The Ninjabot

Monster Hunter 4 Ultimate Review: Rodeo A Rathian

Posted on April 9, 2015 at 5:17 pm by Victor Chaves


Let’s make this quick: Did you like Monster Hunter 3? Do you have a 3DS? Then you should already have this game. Review over, let’s meet up and take down a Rathian. You need to farm Zamtrios for the super-cool armor? Of course. I’m here for you.

For everyone else, this is the best Monster Hunter to start with. The idea of Monster Hunter 4 Ultimate is that you, a rinky-dink human, is going to fight some big monsters for some awesome armor and weapons. There is some cursory plot regarding the shard that the owner of a Caravan has, and how a disease is seeping into other monsters, but screw that. YOU ARE FIGHTING MONSTERS WITH BIG WEAPONS. This is the Power Rangers game that you always wanted, especially when you are playing with others online.


You, as a hunter, get to use a wide array of weapons to take down monsters, some varying from giant bug lances, long Katanas, and obnoxiously large swords. Each weapon feels great to use, as well as some weapon-specific moves like the bug lance can launch a bug that saps buffs from monsters and feeds to yourself. Other weapons like the Hunting Horn has songs you can use to buff party members, and the long Katana allows the player to raise their attack from building and expelling an action meter in a specific combo.

There are issues with the ranged weapons, like the bow guns and bows need a bit more variety in capability than other weapons, as shooting and reloading can only be so interesting. Furthermore, the 3D effect makes first-person shooting nearly impossible because of the double-focus on the reticle and target. Finally, the third-person reticle jumps around way too much to be reliable, when holding [R] and moving left and right, that target reticle hops too much around to be able to be used capably. Honestly, stick with the melee weapons if this is your first rodeo; I enjoyed using my Light Bow Gun for sure, but I know I had a lot more fun using a short-ranged weapon.


No Seriously, What Big Teeth You Have!

What I really enjoy about Monster Hunter 4 Ultimate is the monster variety. Although there are some old ones returning, new ones like the Zamtrios and the Gore Magala are incredibly fun to fight! Although they are both quadruped creatures, they use the environment or have different move sets that make each monster very different from each other. Others even hang around like the early Kecha Wacha, which force you to use the terrain and climb up and down areas.

Speaking of climbing, I was apprehensive at first regarding the climbing mechanics being introduced as not really adding much, but with the addition of leaping and riding on the monsters I can easily say this game has added a great new dimension. Because of the climbing and monster riding, the player is now paying attention to the environment and using it to their own advantage much like the monsters do. It’s like playing Smash Brothers on Hyrule Castle versus Final Destination, it’s different yet fun either way.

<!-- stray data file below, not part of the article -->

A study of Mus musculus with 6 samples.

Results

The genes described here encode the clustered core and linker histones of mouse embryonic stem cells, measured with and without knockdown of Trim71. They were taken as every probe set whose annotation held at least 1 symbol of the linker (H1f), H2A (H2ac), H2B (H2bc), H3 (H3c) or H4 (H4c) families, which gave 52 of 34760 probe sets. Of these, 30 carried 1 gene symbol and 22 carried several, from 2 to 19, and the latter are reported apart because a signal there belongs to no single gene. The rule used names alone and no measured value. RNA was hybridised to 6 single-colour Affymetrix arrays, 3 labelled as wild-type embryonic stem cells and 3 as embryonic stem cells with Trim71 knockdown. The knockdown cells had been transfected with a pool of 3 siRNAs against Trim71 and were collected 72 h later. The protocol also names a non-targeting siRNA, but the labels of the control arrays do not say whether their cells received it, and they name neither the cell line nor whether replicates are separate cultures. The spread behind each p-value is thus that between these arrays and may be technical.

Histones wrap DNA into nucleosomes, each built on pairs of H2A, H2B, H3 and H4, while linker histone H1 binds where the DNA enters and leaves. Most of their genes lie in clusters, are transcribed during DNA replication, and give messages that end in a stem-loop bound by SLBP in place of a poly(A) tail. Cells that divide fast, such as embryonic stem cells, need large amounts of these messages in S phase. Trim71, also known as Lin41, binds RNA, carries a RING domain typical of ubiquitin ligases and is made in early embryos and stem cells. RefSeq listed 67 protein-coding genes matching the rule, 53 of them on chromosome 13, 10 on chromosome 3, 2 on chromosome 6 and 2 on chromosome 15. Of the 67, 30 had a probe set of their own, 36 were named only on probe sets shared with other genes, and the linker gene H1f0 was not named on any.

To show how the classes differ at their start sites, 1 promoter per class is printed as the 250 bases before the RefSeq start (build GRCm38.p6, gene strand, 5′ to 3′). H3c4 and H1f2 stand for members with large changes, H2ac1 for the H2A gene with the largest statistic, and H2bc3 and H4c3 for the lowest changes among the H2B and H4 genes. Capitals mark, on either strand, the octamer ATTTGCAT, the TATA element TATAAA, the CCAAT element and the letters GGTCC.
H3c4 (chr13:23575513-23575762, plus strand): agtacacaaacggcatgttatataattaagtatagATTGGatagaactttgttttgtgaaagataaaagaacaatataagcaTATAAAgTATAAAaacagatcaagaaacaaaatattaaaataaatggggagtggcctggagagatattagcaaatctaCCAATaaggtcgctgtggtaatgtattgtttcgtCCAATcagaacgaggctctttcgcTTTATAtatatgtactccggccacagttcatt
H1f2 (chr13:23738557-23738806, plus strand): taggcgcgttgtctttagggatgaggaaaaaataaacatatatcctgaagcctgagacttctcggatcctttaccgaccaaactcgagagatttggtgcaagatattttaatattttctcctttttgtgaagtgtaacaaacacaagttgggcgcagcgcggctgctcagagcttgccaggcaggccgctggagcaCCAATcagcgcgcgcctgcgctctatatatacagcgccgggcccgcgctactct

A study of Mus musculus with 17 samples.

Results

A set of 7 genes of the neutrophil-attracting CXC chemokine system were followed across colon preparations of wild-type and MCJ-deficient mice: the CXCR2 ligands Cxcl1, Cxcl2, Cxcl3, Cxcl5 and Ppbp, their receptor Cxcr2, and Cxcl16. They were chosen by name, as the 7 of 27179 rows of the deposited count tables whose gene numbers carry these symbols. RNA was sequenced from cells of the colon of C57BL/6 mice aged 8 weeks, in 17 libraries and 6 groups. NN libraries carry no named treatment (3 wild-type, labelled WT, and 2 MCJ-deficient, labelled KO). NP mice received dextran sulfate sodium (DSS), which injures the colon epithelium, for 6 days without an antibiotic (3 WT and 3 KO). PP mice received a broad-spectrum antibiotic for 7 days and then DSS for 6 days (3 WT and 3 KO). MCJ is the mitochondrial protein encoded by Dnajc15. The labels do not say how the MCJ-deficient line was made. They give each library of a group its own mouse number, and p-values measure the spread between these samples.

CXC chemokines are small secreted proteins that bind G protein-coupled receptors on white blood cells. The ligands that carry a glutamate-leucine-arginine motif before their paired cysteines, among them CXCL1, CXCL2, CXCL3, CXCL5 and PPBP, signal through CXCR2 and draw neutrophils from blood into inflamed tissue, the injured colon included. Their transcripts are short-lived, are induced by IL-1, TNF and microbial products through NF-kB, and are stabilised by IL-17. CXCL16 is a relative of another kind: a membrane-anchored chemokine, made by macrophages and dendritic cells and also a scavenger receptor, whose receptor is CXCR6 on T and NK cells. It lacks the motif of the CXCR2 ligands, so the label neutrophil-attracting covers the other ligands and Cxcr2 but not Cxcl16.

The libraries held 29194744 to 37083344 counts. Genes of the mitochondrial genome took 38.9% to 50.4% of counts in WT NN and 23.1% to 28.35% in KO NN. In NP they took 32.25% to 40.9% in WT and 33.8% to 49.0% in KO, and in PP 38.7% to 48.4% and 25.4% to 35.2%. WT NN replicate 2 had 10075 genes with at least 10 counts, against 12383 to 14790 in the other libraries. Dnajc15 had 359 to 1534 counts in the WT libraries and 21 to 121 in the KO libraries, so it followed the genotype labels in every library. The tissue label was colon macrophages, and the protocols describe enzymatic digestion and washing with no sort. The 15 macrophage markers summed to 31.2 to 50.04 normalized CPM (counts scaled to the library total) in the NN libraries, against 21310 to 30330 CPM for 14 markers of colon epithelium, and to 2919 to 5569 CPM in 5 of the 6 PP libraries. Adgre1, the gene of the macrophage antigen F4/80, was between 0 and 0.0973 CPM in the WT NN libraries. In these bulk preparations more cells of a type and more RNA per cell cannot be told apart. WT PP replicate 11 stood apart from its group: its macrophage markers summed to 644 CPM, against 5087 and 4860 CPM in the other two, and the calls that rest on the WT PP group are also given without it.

The game pops in its colors, and if you have New Nintendo 3DS, it’s going to look even better and load that much faster (no seriously, the load speeds are fantastic). One of my favorite areas has a set of watery steps under a tall grove with red flowers floating on the water; it’s like fighting in the Garden of Eden, I am honestly breath-taken whenever I enter the area. Lest the visuals be perfect, the area designs are fantastic as well. Each area never feels like it repeats itself by having multiple variances in height, and the verticality of the levels makes running around a pure joy.

The Problems

Although this has been a mostly positive review, this is where I grab Icarus by the sandals and cast him below the atmosphere: the tutorials still stink, the characters talk too much, and time sink to prepare for missions is exhausting. I will admit the tutorials have gotten better by having interesting situations with them, but because the game only communicates in text rather than a visual representation, keeps the tradition of the Monster Hunter series having a slow start. The too much talking applies here, and wherever you are doing something. Every time I want to talk to the quest giver, the shopkeeper, the blacksmith, they all have two or three lines of dialogue trying out their latest jokes. I know I can mash through them, but I don’t want to! I just want to go Go GO. Finally, the time it takes to prep for missions in later levels is excruciating; I don’t want to farm honey and bone husks and whatever other important resource after every fight. I just want to fight monsters. The game is called Monster Hunter not Bee Keeper or Herb Gatherer. I’ll play Story of Seasons for that.



Final Thoughts

Beyond that, most of the time you are fighting extremely well-designed ferocious monsters, and that makes this game all the worthwhile. Stick with the game’s slow start, and like the previous titles you’ll find that there is a lot more value in this game than an entire month of video game releases. I would suggest downloading Monster Hunter 4 Ultimate via eShop because if you’re like me, you’ll never want this to leave your system.

Presentation: 8

Gameplay: 8

Replay: 9


Geek Legacy’s review scores are on a scale of 1-10, with 10 being the highest possible score.